Thomas Fuerst


Fuerst Group



Call: (240) 314-6507


  • Ph.D., Molecular Genetics, Cornell University, 1984
  • MBA, Science, Technology and Innovation, George Washington University, 1992
  • B.A., Biochemistry, University of California at Berkeley, 1980


Dr. Fuerst’s research is focused on the development of next-generation vaccines and protein-based therapeutics for infectious disease and cancer. The Fuerst group brings together an assemblage of scientific disciplines including virology, immunology, analytical chemistry, cell biology, structural biology, computational biology, and protein engineering. The multidisciplinary programs include:  (1) a structure-based vaccine design program focused on enveloped viruses, (2) a scaffold-based protein therapeutics program focused on cancer targets, and, (3) an immunoadjuvant and delivery program focused on polyphosphazene-based macromolecular delivery systems.


Antigenic domains mapped to the surface of E2.  Antigenic domains are colored and labeled on the neutralizing phase of the E2 protein.

The structure-based vaccine program identifies viral proteins that can be used in vaccines to promote protective immune responses. Hepatitis C virus (HCV), a major human pathogen and a leading cause of liver cirrhosis, liver failure, and hepatocellular carcinoma, is the principal focus of this program. Multiple research studies have suggested that different arms of the immune response are needed for controlling acute and chronic HCV infection. The Fuerst group is defining conserved portions of HCV proteins that can promote protective antibody responses against multiple HCV strains. This novel approach relies on the fundamental principles of structural vaccinology, which involves understanding the nature of neutralizing determinants at the atomic level and applying these insights to develop vaccines that induce protective responses.

Polyphosphazene immunoadjuvant and
drug delivery technologies.

The scaffold-based therapeutic program is developing powerful new classes of protein-based molecules, referred to as SMART molecules, as multi-component protein machines with the potential to undergo changes in conformation in response to binding, which activates a targeted response. SMART molecules can act with low toxicity and have fewer off-target reactions. The group is developing the technology using HRAS, one of the most frequently mutated oncogenes associated with numerous cancers. The SMART molecules under development are expected to sense subtle differences between normal versus oncogenic states in HRAS and compute different therapeutic responses.

The immunoadjuvant and delivery program is customizing a platform for synthesizing multifunctional, biodegradable classes of polymers well-suited for protein stabilization, antigen presentation, and delivery of macromolecules. The research group uses a unique class of polymer called polyphosphazene, which has specialized structural characteristics including a biodegradable backbone. Polyphosphazenes can undergo self-assembly with vaccine antigens and protein therapeutics, and they have unique targeting capabilities, including environmentally-triggered controlled release. Projects within this program focus on immunoadjuvant properties of polyphosphazenes for vaccine delivery and targeted nanoparticle delivery for protein-based therapeutics.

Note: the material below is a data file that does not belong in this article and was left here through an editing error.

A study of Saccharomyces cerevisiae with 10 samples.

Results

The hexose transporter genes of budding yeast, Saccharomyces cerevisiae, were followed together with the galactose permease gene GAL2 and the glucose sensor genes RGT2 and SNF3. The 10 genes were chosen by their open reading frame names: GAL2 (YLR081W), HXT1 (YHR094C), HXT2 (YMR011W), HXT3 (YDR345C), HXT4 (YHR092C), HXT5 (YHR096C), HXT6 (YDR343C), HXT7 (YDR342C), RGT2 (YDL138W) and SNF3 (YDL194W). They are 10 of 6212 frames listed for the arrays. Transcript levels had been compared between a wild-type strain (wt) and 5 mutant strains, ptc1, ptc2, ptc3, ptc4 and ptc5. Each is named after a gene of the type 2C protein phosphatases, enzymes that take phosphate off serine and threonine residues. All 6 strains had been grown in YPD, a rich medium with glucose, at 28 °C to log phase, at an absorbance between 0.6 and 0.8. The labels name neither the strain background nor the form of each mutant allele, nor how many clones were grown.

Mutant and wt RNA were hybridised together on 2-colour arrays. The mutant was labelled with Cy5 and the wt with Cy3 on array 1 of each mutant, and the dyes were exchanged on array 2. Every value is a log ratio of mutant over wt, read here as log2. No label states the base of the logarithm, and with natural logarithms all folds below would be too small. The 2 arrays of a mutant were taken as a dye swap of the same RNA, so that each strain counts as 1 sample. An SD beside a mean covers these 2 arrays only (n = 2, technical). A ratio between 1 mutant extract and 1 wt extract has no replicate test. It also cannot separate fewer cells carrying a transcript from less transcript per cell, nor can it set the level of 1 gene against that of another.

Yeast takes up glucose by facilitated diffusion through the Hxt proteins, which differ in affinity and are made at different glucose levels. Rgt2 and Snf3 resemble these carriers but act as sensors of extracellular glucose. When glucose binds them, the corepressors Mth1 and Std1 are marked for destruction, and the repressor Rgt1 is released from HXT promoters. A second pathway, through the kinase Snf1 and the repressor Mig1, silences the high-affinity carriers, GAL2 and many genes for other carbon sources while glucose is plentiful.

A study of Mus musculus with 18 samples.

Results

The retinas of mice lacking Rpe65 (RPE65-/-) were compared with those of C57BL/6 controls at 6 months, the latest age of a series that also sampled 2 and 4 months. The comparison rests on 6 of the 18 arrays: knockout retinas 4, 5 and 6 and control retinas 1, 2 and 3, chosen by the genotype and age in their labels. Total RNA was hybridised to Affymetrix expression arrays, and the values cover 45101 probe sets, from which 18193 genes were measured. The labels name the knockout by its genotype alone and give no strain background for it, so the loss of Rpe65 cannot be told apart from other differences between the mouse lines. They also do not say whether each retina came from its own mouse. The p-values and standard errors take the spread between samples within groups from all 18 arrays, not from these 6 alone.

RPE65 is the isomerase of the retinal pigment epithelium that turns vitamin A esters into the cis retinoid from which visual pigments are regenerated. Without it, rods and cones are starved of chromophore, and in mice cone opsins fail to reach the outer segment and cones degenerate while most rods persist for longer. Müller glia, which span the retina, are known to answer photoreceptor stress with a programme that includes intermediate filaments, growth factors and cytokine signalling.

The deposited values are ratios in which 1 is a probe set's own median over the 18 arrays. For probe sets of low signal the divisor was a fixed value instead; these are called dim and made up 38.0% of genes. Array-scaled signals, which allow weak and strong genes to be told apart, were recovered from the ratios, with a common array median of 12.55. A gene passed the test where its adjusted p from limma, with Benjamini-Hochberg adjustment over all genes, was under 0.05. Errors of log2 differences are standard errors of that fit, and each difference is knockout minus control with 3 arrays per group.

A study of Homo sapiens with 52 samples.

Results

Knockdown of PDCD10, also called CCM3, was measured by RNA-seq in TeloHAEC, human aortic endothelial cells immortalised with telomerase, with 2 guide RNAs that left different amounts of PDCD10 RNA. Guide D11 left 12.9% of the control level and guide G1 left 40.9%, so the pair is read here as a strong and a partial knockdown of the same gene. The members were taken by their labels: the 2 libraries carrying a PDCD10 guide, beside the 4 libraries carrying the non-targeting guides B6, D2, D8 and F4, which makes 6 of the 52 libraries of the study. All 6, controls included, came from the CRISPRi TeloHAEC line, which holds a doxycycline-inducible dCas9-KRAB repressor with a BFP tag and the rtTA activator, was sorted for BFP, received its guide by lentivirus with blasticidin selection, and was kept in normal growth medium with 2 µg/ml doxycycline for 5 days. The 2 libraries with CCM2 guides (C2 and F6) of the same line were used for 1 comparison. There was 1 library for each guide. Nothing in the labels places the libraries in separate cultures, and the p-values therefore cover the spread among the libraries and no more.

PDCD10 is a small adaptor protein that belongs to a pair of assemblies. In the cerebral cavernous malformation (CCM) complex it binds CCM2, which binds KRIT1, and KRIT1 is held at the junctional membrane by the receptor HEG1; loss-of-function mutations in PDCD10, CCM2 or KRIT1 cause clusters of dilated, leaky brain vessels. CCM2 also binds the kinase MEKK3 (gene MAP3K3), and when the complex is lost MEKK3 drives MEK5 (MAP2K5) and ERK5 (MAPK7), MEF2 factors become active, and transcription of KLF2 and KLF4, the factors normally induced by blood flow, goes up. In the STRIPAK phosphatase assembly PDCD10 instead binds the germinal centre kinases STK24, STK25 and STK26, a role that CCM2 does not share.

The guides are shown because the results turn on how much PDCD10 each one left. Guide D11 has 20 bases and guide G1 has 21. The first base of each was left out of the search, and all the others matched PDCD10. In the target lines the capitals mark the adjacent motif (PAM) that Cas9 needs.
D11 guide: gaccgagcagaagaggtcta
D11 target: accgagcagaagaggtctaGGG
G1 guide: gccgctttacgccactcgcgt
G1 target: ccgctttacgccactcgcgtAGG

Induction of broadly neutralizing antibodies using a secreted form of the hepatitis C virus E1E2 heterodimer as a vaccine candidate.
An Antigenically Diverse, Representative Panel of Envelope Glycoproteins for Hepatitis C Virus Vaccine Development.
Structural and Biophysical Characterization of the HCV E1E2 Heterodimer for Vaccine Development.
Immunopotentiating and Delivery Systems for HCV Vaccines.
Supramolecular assembly of Toll-like receptor 7/8 agonist into multimeric water-soluble constructs enables superior immune stimulation in vitro and in vivo.
Engineering subtilisin proteases that specifically degrade active RAS.
Intracellular Delivery of Active Proteins by Polyphosphazene Polymers.
Design of a native-like secreted form of the hepatitis C virus E1E2 heterodimer.
Crystal Structure of a Bivalent Antibody Fab Fragment.
Structure-Based Design of Hepatitis C Virus E2 Glycoprotein Improves Serum Binding and Cross-Neutralization.
In Vivo and In Vitro Potency of Polyphosphazene Immunoadjuvants with Hepatitis C Virus Antigen and the Role of Their Supramolecular Assembly.
Protein-loaded soluble and nanoparticulate formulations of ionic polyphosphazenes and their interactions on molecular and cellular levels.
Antigenicity and Immunogenicity of Differentially Glycosylated Hepatitis C Virus E2 Envelope Proteins Expressed in Mammalian and Insect Cells.
In vivo combination of human anti-envelope glycoprotein E2 and -Claudin-1 monoclonal antibodies for prevention of hepatitis C virus infection.
Structural basis for broad neutralization of ebolaviruses by an antibody targeting the glycoprotein fusion loop.
Hydrolytically Degradable PEGylated Polyelectrolyte Nanocomplexes for Protein Delivery.
Designing a B Cell-Based Vaccine against a Highly Variable Hepatitis C Virus.
Biodegradable "Smart" Polyphosphazenes with Intrinsic Multifunctionality as Intracellular Protein Delivery Vehicles.
Global mapping of antibody recognition of the hepatitis C virus E2 glycoprotein: Implications for vaccine design.
Affinity maturation of a broadly neutralizing human monoclonal antibody that prevents acute hepatitis C virus infection in mice.